A divided appellate court has affirmed a man’s drug dealing and conspiracy convictions despite disagreement among the panel as to whether admitted evidence found during a warrantless arrest should have been excluded.
Lawsuit challenges IMPD actions against protesters
Indy 10 Black Lives Matter and the American Civil Liberties Union of Indiana have sued the city of Indianapolis, seeking to end the Indianapolis Metropolitan Police Department’s use of chemical weapons and projectiles against protesters.Read More
Protesters claiming Fort Wayne law enforcement fired teargas canisters, flashbang grenades and rubber bullets into peaceful demonstrations filed a lawsuit Friday in federal court seeking to stop the use of chemical agents and projectiles.
Indiana’s chief justice and most senior justice dissented Wednesday from a decision upholding the admission of evidence in a drug case collected from a vehicle that arrived at a Camby home at the same time police were inside the house executing a search warrant that was limited to the property. A justice who sided with the majority, however, said the split decision is evidence that key caselaw regarding law enforcement searches and seizures may need to be revisited.
A defendant was unable to convince the Indiana Court of Appeals that while the police were justified in pulling him over, they violated his constitutional rights by detaining him and conducting a dog sniff after the initial traffic stop had been completed.
A man convicted on a dealing charger after a traffic stop uncovered 10 pounds of meth in his vehicle did not convince the Indiana Court of Appeals that the trial court erred in either admitting evidence or sentencing him.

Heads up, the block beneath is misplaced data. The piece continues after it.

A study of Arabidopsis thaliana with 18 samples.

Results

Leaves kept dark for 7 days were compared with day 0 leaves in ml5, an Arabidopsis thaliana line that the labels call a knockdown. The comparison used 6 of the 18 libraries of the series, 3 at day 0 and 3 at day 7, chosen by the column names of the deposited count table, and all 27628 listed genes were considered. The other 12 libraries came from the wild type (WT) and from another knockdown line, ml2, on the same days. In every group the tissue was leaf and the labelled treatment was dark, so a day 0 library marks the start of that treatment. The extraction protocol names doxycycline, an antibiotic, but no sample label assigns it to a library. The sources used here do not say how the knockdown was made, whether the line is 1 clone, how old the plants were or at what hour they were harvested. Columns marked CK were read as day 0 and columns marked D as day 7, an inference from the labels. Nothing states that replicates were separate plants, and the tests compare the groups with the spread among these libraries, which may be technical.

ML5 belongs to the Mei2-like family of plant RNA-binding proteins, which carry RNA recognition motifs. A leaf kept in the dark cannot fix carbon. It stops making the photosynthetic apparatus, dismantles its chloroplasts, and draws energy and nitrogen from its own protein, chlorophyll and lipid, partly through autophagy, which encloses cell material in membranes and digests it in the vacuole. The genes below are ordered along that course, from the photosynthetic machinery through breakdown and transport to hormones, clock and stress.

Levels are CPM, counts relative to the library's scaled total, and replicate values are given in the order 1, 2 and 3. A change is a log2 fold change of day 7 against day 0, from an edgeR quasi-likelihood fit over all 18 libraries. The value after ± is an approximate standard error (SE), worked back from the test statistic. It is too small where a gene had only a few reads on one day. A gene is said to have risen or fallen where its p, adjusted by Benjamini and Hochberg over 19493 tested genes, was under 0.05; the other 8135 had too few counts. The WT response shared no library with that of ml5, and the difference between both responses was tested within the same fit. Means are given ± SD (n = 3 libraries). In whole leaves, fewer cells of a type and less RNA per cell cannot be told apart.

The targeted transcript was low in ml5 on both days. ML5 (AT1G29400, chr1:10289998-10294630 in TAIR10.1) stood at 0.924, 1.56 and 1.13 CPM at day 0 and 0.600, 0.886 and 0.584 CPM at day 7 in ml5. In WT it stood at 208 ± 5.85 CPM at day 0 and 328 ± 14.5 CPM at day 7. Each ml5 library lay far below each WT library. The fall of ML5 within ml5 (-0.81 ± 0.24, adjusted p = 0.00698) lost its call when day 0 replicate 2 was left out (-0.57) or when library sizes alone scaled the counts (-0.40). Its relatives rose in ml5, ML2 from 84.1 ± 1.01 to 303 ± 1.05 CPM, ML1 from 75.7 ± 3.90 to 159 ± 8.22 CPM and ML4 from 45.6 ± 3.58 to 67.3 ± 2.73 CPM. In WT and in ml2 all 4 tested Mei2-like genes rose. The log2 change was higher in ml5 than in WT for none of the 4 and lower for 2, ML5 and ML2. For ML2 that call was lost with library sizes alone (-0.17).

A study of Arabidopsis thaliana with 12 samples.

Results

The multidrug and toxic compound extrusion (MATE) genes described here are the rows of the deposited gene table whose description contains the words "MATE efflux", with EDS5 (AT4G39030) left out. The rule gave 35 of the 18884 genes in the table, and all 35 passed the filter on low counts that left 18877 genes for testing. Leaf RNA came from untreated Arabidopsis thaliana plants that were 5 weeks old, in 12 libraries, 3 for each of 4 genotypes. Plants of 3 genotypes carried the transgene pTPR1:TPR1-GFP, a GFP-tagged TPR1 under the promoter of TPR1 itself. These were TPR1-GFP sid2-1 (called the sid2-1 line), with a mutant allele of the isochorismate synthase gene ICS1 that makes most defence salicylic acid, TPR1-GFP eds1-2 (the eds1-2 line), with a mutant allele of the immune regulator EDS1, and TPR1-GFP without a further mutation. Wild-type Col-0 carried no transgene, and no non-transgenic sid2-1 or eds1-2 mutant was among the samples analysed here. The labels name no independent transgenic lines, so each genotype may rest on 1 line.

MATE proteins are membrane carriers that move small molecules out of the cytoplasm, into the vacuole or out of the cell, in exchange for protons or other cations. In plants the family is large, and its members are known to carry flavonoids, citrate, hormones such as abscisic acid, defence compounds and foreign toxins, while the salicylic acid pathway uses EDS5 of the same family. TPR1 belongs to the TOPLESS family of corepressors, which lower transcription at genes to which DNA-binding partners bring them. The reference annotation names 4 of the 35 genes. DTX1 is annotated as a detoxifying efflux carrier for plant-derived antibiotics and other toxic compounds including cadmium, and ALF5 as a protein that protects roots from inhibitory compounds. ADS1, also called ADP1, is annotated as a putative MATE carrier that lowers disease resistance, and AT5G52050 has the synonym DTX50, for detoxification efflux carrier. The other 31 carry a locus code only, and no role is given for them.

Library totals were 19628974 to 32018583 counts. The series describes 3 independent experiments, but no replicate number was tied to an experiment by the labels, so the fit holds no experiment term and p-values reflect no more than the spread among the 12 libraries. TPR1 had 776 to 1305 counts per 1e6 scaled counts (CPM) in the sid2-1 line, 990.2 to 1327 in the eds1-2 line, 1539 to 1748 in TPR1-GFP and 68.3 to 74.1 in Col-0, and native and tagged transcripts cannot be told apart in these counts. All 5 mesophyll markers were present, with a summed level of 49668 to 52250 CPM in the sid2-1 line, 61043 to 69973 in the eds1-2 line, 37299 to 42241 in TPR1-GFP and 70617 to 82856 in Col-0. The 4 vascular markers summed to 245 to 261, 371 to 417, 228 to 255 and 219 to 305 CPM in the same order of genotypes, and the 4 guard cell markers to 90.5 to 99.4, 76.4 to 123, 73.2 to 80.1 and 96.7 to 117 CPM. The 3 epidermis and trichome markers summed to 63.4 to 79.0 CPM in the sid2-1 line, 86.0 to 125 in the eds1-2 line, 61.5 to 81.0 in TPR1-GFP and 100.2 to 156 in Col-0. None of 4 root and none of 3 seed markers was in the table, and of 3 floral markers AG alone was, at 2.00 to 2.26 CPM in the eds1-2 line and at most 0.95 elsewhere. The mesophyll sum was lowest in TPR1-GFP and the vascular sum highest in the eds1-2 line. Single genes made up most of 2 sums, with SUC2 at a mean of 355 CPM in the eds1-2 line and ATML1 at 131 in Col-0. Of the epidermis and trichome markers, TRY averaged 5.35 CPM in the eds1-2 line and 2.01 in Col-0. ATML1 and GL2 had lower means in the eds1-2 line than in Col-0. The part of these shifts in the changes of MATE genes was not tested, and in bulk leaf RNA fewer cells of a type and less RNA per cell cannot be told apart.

The Indiana Court of Appeals has affirmed a man’s conviction for possession of marijuana and a handgun, among other things, after concluding the inventory search of his vehicle after a traffic stop was proper.
A visitor who was present during a home detention check that resulted in the discovery of illegal drugs and ended with him in handcuffs secured a reversal from the Indiana Court of Appeals on Wednesday. The court found officers lacked probable cause to search the man and reversed his denied motion to suppress.
The Indiana Court of Appeals has affirmed the denial of a man’s motion to suppress evidence of narcotics discovered in his vehicle during a traffic stop after a tip that he had been using drugs in his Purdue University dorm room.
Though the ruling may result in a drug crime going unpunished, the Indiana Supreme Court has reversed the denial of a motion to suppress evidence, finding a lack of probable cause to support the underlying search warrants.
The majority of a divided Indiana Court of Appeals panel has reversed the admission of drug evidence obtained from a pat-down search after a traffic stop, finding officers lacked a reasonable belief that the driver was armed and dangerous.
The Indiana Supreme Court denied transfer in 21 cases last week but agreed to hear a motion for discharge argument in a molestation case.
An Indiana University associate professor arrested last summer while protesting against a farmers market vendor alleged to have ties to a white supremacist group has taken a step toward filing a civil lawsuit against the city of Bloomington.
Calling on the nation’s highest court to provide “urgently needed clarity” to caselaw governing abortion laws related to minors, the Office of the Indiana Attorney General is asking the Supreme Court to grant certiorari to a case challenging Indiana’s “mature minors” parental notice law.
Legislative amendments to Indiana’s much-debated civil forfeiture scheme did not defeat a pre-existing forfeiture action in state court, the Indiana Court of Appeals ruled Friday, finding the amendments did not constitute an ex post facto law.
A man convicted on drug charges after an Evansville traffic stop has lost his appellate argument that evidence of the drugs was wrongly admitted because the evidence came from an unconstitutional search.
A paroled killer who admitted to smoking meth and then asked law enforcement to remove the pipes he smoked from his home so his girlfriend wouldn’t find them did not convince the Indiana Court of Appeals on Thursday that those statements were inadmissible.
A man suspected of trying to sell look-alike substances at an Indiana casino has had his drug-related conviction reversed, with the Indiana Court of Appeals finding insufficient evidence to dispel a claim of a Fourth Amendment violation.